Musée d’Orsay one of France’s top museums
Musée d’Orsay is one of my favourite museums in all of France.
A sense of awe swept over me even as I approached. The building itself, a converted railway station, is massive, stylish and stunning. The collection it holds is even more so.
The art, mostly French pieces dating between 1848 and 1915, includes sculptures, furniture, photography and, of course, paintings. Many of the paintings help to make up the world’s largest collection of impressionist and post-impressionist masterpieces.
We’re talking the greats of the world with works by Monet (86 paintings), Manet (34 paintings), Degas (43 paintings), Renoir (81 paintings), Cézanne (56 paintings), Gauguin (24 paintings), Van Gogh (24 paintings), Toulouse-Lautrec (18 paintings) and many more.
I was talking to my friend, Tony, about Musée d’Orsay a few days ago. He had a little grumble and said it had taken him 30 years to get over the creation of the museum.
Prior to the opening of Musée d’Orsay in 1986, many of the paintings were displayed in the Galerie National du Jeu de Paume, which Tony preferred. That building, which we didn’t have a chance to visit, is now a national gallery for contemporary art. In Napoleon’s day, it housed the courts for a special royal tennis game called jeu de paume.
But back to Musée d’Orsay.
I’ll start with the building itself because it’s the first thing that overwhelms you. It started life as a railway station, Gare d’Orsay, which is obvious from the moment you enter. The station opened in time for the 1900 World’s Fair in Paris, and served as the the terminus for the railways of south-western France until 1939.
By then, it was decided that its platforms were too short to accommodate the longer trains of the day. So it became a suburban station and centre for mail. It was also used as a movie set, temporary auction house and a haven for a theatre company.
It was supposed to be demolished in the 1970s, but the then minster for culture opposed plans for a hotel to be built in its site. Luckily for us, by 1978 it was listed as a Historic Monument.
At last it was decided to convert it to a gallery that would bridge the gap between the Louvre’s older art and the National Museum for Modern Art in the George Pompidou Centre (which I also love and will write about soon).
A team of three architects won the contract to design the new museum’s floor space and an Italian architect was chosen to design the internal arrangement, decoration, furniture and fittings. Once the building was ready, it took six months to install the thousands of works and the museum opened in December 1986.
In my opinion, the design is a brilliant success. There’s plenty of light and space, and I never got the crowded feeling that pervades the Louvre.
Musée d’Orsay holds some of the biggest names in art masterpieces in the world. I’m not going to share a whole bunch of them (names or photos) here because you can go online and look up most of them. And what you find online will most likely have more information and a better resolution.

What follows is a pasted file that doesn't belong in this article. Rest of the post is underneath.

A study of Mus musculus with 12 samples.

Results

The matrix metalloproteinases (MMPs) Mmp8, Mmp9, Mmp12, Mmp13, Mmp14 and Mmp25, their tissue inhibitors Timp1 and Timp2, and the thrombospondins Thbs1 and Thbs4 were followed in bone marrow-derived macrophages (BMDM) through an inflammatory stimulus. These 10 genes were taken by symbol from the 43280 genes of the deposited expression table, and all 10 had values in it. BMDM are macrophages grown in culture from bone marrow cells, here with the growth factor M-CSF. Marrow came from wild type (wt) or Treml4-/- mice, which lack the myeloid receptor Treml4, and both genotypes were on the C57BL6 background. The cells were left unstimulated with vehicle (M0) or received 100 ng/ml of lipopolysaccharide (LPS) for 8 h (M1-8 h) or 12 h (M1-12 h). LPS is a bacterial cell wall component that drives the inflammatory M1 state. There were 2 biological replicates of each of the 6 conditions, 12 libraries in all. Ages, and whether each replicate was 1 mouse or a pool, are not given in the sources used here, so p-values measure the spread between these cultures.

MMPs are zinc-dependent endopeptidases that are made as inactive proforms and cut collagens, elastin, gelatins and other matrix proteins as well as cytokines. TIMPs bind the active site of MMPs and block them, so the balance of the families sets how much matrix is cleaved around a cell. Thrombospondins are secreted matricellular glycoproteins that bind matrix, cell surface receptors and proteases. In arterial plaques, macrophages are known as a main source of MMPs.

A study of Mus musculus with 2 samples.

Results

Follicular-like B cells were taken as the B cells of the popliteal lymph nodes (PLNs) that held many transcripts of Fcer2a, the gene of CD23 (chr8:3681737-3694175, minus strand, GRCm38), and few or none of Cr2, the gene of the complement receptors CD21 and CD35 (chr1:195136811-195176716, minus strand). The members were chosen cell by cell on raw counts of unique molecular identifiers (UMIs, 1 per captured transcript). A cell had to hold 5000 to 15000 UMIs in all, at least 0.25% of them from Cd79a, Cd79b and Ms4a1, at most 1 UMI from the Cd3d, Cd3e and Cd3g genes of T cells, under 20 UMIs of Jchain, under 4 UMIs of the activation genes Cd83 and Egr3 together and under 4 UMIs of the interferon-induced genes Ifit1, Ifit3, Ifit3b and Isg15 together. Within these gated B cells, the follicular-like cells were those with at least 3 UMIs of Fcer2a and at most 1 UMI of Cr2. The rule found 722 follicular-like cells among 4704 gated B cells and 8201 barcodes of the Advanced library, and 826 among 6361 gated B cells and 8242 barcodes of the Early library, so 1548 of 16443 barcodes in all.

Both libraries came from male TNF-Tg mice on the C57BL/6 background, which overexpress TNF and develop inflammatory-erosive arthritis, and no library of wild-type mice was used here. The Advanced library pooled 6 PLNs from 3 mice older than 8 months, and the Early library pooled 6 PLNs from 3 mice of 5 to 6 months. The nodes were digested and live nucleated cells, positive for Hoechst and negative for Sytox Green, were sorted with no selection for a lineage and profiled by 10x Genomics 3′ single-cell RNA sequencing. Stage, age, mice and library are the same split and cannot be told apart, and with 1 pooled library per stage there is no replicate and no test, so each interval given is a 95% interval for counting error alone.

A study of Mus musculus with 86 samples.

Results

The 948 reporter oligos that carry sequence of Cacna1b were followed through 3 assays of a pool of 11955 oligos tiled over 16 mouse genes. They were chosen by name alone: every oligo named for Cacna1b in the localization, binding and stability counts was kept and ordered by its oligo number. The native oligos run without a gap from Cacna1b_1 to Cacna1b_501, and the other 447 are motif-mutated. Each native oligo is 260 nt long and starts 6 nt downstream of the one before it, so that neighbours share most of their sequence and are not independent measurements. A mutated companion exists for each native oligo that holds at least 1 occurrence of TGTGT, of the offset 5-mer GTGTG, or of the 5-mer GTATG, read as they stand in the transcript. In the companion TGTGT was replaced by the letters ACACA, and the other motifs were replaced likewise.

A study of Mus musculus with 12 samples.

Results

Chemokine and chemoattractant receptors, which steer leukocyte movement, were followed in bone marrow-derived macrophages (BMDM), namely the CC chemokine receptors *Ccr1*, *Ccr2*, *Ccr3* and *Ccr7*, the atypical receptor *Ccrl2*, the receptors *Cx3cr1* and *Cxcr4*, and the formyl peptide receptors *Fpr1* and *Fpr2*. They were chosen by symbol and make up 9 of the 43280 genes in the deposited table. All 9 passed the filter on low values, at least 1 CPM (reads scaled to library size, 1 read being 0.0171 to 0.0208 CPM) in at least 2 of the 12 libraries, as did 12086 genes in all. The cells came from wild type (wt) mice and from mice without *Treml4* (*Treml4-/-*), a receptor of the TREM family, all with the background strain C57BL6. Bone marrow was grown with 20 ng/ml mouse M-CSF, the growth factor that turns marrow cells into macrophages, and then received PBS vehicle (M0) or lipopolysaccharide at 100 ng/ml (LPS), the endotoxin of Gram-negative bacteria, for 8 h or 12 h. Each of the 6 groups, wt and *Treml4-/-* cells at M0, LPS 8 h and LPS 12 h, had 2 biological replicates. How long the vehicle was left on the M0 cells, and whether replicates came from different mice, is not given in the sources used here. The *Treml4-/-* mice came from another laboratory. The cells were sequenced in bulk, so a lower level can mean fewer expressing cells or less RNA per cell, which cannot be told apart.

But here’s a short but stunning run-down.
Van Gogh’s Self Portrait and Starry Night over the Rhone
Gauguin’s Tahitian Women on the Beach
Cézanne’s The Card Players
Renoir’s Bal au moulin de la Galette, Montmartre
Monet’s Blue Water Lilies
Seurat’s The Circus
Whistler’s Whistler’s Mother
The furniture and sculptures are incredible too, but I have to confess that I didn’t recognise all the names, in fact, not many of the names. One I was surprised to see was Sarah Bernhardt. I had completely forgotten that, in addition to be a famed actress, she studied sculpting and produced some lovely works.
I was also pleased to see a bronze Pénélope by Émile-Antoine Bourdelle. I know her well because she also ‘lives’ in the Australian National Gallery’s sculpture garden in Canberra.
The photographs have missed out too. Oh, I saw them, but I didn’t photograph them. Photos under glass with museum lights all around mean reflection, reflection, reflection.
Interestingly, Libby told me on the telephone today that the museum’s current exhibitions include one on the prostitutes of France/Paris and another, which showcases photographs done by females.
A few last words
All I can say is that if you ever get to Paris, put the Musée d’Orsay at the top of your must-see list. And give yourself plenty of time—maybe a whole day (there’s a café so you won’t starve).
I’m not the only one who thinks the place is worth it. Libby, the daughter who lives in Paris and who has a degree in art history and curatorship, has bought an annual membership for only one museum—this one. And a brief check of TripAdvisor shows that it is the number 1 attraction in Paris. I have to agree.